Have you ever been watching a play and instead of feeling an intense envy for the people walking about and talking (in some circles called ‘acting’), you felt that you wanted to be the artistic maestro behind the whole thing?
Then directing might well be for you.
Every year, the Little Theatre holds a one act showcase in which people who are interested in directing get to have a go and showcase what they can do. If that’s you, great!
These hints and tips that might give you a nudge in the right direction. If that’s not you, great! You’re happy with where you are and that’s a good thing. Still, if you want to know what sort of things go into a one act play, then read on, Macduff.
1. Choosing the play
Choosing a play is always difficult. There are some absolute musts. It must be a one act play. It must have a run time under forty five minutes. It must have a small cast.
Of these, the only flexible one is the cast. You can have a larger cast size, but bear in mind that this makes your job harder. A small cast will give you plenty to keep track of and a lot to work with, whilst keeping your task this side of herculean.
But where would you find a one act play? Ask people for recommendations of playwrights or plays. Look for one act anthologies in the library or online. More than anything, read, read and read again.
2. Casting the play
You’ve got a play. Now you’ll need some people to say the words and move about (still called ‘acting’). The best way to find these is by holding an audition, of course. You could try using a divining rod, but it’s such a chore getting hold of one that works.
Give people as much notice as possible about the auditions. Put posters up in the theatre, post on the social media groups, speak to friends and e-mail people. In short, get the word out and ask others to help you get the word out.
Not everyone will be able to make your audition dates. Be flexible and arrange to see them at another time, even if it’s just you and them. You don’t want to miss out on a potential star.
Treat every auditionee well. Firstly, because that’s the best way to be. Secondly, because even though they might not be good for this project, they may be for others. Thirdly, if for any reason the person you do cast can’t do it, you may need to recast. Don’t burn bridges you might want to walk over. It tends to get you wet. Or burnt. Or both.
Be clear about what you want. Tell people the age range of the characters and a little about what they’re like. Explain the concept of the play. And don’t forget that testing people’s ability to take direction in an audition is very useful.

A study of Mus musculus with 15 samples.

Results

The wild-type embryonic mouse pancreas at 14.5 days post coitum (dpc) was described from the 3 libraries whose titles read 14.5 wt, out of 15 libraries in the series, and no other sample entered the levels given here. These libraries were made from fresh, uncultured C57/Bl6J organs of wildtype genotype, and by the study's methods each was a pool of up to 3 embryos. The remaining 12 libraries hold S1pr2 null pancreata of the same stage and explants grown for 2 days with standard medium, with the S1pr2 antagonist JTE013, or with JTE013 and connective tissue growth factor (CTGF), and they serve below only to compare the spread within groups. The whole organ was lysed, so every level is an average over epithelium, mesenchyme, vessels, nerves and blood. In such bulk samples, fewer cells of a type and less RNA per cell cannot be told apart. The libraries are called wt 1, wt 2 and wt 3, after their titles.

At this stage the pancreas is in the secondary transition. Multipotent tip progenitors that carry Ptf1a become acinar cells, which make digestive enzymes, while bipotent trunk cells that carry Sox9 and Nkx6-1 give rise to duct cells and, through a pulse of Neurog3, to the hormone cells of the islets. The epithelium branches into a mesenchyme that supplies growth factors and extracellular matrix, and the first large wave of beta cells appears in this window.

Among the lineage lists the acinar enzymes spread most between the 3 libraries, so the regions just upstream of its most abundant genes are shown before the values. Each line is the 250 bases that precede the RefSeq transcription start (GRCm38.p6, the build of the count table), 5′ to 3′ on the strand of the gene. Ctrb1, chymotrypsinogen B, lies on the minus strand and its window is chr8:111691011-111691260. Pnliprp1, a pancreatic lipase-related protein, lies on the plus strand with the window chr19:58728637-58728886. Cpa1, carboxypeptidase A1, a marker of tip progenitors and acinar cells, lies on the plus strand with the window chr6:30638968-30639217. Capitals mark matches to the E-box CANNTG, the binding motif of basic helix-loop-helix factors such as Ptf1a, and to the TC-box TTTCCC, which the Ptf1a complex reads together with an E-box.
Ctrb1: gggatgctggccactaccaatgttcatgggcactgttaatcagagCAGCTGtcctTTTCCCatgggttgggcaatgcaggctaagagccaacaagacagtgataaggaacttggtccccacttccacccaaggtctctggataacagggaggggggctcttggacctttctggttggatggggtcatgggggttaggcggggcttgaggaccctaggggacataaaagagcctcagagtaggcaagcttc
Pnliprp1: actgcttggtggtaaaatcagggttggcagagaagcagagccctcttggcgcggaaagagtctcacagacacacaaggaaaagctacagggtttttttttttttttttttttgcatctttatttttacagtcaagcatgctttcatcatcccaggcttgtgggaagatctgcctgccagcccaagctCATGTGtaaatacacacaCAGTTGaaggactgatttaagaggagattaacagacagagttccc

Don’t be afraid to get help. There are always lots of things to keep track of – getting everyone’s contact information, what scenes have been read, who’s arriving when, what parts people would like to read for. It can be useful to have someone there with you to take care of the admin and provide a second eye to auditions.
3. Rehearsing the play
Once you’ve got a cast, it’ll be time to get the thing on its feet. Get this bit right and everything else is a breeze. Well, maybe not a breeze, but certainly decidedly less windy.
Get your schedule in place early and stick to it as far as possible. Make sure everyone knows when and where they need to be. Give as much notice as you can and make sure you rehearse regularly. How many times a week is up to you, but make sure you’re got too much rehearsal time rather than too little. Better to let people go early than keep them back late.
Spend time on all the characters. It can be easy to focus on the biggest parts as they have the most to do. But those in smaller parts are just as important to the play. Give them and the actors playing them the time they need to get it right.
Give direction to everyone and tell people when they do things right. Make sure everyone gets direction in a rehearsal. It keeps people happy and makes for a more polished performance.
Get people learning lines as early as possible. It helps develop performance if people aren’t holding scripts and the earlier they know them the less likely they are to forget on the night.
4. Teching the play
Unless the cast are very good (and exhibitionists), you’ll need props, costume, set, lights and sound.
Lay out what you want to your tech team as early as possible and keep checking in with them throughout the process. Be flexible and available to help them help you. Be prepared to source props and costume yourself.
Respect the techies. They don’t always get the recognition that the actors do. It’s unfair but you don’t have to contribute to it. Be grateful that they’re there, because they make the play happen as much as the actors.
Keep it simple. More tech doesn’t necessarily mean better tech. Keep set and prop requirements to a minimum. Do as much as possible with as little as possible.
5. Enjoy the play
Putting a play together is hard work and it requires commitment, dedication, organisation and other words ending in -tion. But it is an immensely rewarding experience and will give you great memories. The days of wine and roses are short. Enjoy it while you can.
If you are interested in directing in the one act showcase during the week 1-7 November 2015, contact John Ghent, Trustee for Productions on firstname.lastname@example.org.